By Lois Rogers, Correspondent
In the 30 years since the U.S. Bishops mandated that the Rite of Christian Initiation of Adults serve as the formal process of conversion for adults, hundreds of thousands have sought and gained entry into the Catholic Church through its ministrations.
On May 12, many of those who guide those faithful along the way in the Church of Trenton gathered in St. Robert Bellarmine Co-Cathedral, Freehold, where a daylong celebration marked the milestone anniversary of the restored rites with prayer, reflection and dialogue in a series of workshops.
The day also offered a glimpse into what the future will hold as a series of catechetical sessions unfolds over the next two years for those ministering in RCIA in parishes around the Diocese.
Steve Bulvanoski, diocesan RCIA coordinator, said the day was a way of explaining that in the RCIA, “you are always on a journey, examining new things that will enhance the relationship with Jesus. You are not standing out, you are not standing above, you are all together on the journey.”
In his keynote address, Nick Wagner, co-founder and co-director of Team RCIA – a free, online resource for RCIA team members – reflected on the RCIA’s past and future.
The RCIA grew out of the Second Vatican Council’s call for a restoration of the catechumenate and a revision of the Rite of Baptism for Adults. It is structured to recreate in a limited way, the process of initiation of the early Church with an emphasis on a call to conversion by a parish community and a series of liturgically based steps concluding with reception of the Sacraments of Initiation at Easter.
Wagner was quick to point out that his talk would be less on the logistics involved in the restored rites and more on how to lead people to a relationship with Jesus.
Explaining that his own history with the RCIA goes back to “just after college,” he described what it was like when the RCIA first emerged onto the parish landscape in St. Louis, Mo., his hometown.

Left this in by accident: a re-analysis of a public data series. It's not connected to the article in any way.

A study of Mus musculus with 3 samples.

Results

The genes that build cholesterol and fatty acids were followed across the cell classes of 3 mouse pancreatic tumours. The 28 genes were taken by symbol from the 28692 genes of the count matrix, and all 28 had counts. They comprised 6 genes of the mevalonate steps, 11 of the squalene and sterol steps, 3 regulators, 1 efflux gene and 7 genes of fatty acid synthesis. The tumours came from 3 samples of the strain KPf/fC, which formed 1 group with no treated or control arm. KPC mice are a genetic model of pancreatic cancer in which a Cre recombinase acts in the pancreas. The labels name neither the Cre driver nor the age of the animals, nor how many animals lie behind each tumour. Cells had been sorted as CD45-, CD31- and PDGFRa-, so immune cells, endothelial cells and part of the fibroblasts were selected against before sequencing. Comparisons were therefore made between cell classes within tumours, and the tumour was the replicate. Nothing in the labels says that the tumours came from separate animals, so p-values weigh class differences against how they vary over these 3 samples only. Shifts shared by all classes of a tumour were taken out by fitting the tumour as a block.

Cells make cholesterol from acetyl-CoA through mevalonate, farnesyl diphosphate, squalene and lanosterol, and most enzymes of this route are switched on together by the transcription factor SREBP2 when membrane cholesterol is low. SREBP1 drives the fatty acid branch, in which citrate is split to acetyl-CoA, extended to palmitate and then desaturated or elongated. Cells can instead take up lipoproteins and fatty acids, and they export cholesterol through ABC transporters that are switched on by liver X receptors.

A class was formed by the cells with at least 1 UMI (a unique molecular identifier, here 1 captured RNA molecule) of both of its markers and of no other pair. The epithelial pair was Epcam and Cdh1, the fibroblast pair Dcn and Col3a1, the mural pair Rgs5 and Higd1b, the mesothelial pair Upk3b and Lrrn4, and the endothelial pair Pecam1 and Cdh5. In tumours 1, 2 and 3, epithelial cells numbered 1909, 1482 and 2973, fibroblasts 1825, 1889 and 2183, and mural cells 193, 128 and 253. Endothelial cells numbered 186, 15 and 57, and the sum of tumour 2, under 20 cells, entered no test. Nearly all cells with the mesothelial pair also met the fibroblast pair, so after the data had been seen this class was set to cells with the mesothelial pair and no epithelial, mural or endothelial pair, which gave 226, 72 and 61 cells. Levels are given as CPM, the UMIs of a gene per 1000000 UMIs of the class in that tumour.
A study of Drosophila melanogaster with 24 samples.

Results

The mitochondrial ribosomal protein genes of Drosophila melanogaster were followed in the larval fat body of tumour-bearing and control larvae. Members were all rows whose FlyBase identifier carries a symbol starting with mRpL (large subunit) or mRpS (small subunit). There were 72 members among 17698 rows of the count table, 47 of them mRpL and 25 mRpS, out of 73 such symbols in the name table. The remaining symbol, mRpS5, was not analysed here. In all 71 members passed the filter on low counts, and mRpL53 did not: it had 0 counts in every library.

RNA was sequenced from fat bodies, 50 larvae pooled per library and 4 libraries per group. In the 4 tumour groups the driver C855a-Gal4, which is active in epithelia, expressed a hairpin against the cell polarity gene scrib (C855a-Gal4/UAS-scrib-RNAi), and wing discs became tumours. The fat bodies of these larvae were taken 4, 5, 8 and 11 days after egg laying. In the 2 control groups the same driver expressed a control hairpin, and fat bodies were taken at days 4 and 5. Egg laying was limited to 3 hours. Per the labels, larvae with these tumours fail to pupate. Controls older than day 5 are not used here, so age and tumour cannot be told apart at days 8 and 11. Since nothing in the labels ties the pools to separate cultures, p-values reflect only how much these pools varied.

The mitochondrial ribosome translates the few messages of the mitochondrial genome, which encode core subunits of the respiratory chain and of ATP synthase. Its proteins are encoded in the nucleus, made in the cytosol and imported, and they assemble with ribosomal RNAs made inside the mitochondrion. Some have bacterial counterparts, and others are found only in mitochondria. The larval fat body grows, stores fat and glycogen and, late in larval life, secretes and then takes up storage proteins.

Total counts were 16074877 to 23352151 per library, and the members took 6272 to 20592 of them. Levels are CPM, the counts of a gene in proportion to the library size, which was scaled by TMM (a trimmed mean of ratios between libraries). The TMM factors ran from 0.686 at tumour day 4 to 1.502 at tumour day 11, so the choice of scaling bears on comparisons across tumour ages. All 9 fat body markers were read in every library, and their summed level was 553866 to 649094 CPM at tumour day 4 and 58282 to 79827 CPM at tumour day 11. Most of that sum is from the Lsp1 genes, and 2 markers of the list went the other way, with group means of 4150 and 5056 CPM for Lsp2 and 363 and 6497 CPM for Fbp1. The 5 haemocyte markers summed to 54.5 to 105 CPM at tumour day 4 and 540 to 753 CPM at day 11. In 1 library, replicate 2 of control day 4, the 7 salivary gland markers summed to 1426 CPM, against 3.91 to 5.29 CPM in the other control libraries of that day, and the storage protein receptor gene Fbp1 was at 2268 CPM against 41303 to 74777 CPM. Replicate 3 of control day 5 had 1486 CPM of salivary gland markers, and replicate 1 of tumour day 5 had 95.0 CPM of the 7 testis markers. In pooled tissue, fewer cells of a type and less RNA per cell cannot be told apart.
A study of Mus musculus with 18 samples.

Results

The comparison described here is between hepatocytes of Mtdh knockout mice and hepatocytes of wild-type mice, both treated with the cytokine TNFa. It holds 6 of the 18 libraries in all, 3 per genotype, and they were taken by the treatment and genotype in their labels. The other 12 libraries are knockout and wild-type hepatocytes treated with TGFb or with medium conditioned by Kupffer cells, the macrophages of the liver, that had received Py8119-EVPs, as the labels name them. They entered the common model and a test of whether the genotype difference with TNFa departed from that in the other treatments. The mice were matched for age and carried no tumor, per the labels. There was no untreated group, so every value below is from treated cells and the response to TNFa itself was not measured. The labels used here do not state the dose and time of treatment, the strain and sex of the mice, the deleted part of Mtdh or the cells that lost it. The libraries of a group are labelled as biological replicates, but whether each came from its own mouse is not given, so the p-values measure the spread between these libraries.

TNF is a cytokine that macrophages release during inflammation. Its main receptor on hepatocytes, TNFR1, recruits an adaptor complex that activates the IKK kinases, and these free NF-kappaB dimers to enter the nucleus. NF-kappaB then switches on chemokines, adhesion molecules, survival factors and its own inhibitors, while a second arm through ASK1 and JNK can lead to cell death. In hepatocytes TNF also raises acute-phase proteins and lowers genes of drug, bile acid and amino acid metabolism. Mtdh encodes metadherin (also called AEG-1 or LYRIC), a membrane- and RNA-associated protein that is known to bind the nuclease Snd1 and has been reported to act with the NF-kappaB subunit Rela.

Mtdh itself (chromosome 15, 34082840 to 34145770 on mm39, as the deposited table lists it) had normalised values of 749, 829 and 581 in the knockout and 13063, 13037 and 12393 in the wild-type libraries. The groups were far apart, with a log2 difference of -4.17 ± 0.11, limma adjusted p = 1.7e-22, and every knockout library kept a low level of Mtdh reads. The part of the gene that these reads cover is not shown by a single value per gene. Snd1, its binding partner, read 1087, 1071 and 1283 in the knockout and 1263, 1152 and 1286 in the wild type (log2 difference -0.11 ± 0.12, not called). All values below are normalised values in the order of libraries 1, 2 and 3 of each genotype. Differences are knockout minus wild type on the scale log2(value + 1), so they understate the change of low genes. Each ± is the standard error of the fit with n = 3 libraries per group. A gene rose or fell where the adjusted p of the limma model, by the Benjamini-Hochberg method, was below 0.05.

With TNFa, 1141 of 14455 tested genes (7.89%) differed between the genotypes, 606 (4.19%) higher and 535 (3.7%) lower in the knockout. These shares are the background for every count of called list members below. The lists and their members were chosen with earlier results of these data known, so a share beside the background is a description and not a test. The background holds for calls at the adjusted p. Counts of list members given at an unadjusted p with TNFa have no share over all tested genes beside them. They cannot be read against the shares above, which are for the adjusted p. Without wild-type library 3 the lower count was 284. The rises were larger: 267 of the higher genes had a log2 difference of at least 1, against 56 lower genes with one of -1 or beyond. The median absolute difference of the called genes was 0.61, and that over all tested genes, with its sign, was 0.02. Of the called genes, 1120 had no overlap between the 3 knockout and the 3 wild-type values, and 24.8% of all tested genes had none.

“When I first heard it discussed in St. Louis, a very Catholic town in the 80s, priests asked [parishioners] if they could deal with people leaving during the middle of Mass [for lessons],” he said. People were curious. Some thought the RCIA was a [Catholic] intelligence agency,” he added, prompting laughter from the group.
He said it raised a lot of interest when catechumens began leaving Mass before Communion. “All across St. Louis, people asked … ‘What is this all about?’”
That the question still needs to be raised drives Wagner’s continuing evangelization on the subject.
“It’s why it was important for me to come here today,” said Wagner, who called conversation about the process vitally important as it has the power to draw people into the faith. “It’s important across the world to [be able to] name our faith, to talk about why [RCIA], to remember when we first heard of it.”
Wagner offered, as an example, the first time he heard Pope Francis speak of Church as a mission field. “I dream of a mission option” for the RCIA, he said, where everything “we do will be channeled for evangelization, inspiring disciples to go forth.”
The best way to do that, he said, is to set an example as Christian faithful committed to the Word, focusing on the RCIA as a sacramental journey. It is about committing to accompanying, day by day, faith seekers on the journey.
He urged participants to share the stories of their own faith journeys as they encourage seekers to explore becoming “members of the Church – members of the household.”
During the day, which was hosted by the diocesan Department of Catechesis, participants attended breakout workshops focusing on the stages of the RCIA process. The workshops offered a preview of the formation sessions on the stages that will be offered in greater detail over the next two years.
John Lyle, who works with his wife on the RCIA team in Keyport’s St. Joseph Parish, said the workshop opened his eyes to more ways to encourage those who have just come into the Church.
“I was surprised about the fact that there is actually a lot more that we could be doing,” he said.
He also appreciated focusing on the Catechist’s Manual designed as practical help for those crafting the catechetical portion of any RCIA session. “The book sits physically in reach, and many of us have flipped through it without seriously reading it. Now we are going to spend time with it.”
Deacon John Klincewicz of Holy Innocents Parish, Neptune, said the day offered many resources and insights.
“The keynote presentation helped to remind us about the ‘why’ [of RCIA] – that the goal of evangelization is to help people to know Jesus, not just know about Jesus,” he said.
“Then the breakout sessions gave us a chance to address the ‘how’ with practical details of implementing RCIA in the parish,” continued Deacon Klincewicz, who has been working with the RCIA for more than 25 years. “Just being able to share my knowledge of faith with people is a gratifying experience, and the day gave us the chance to do that.”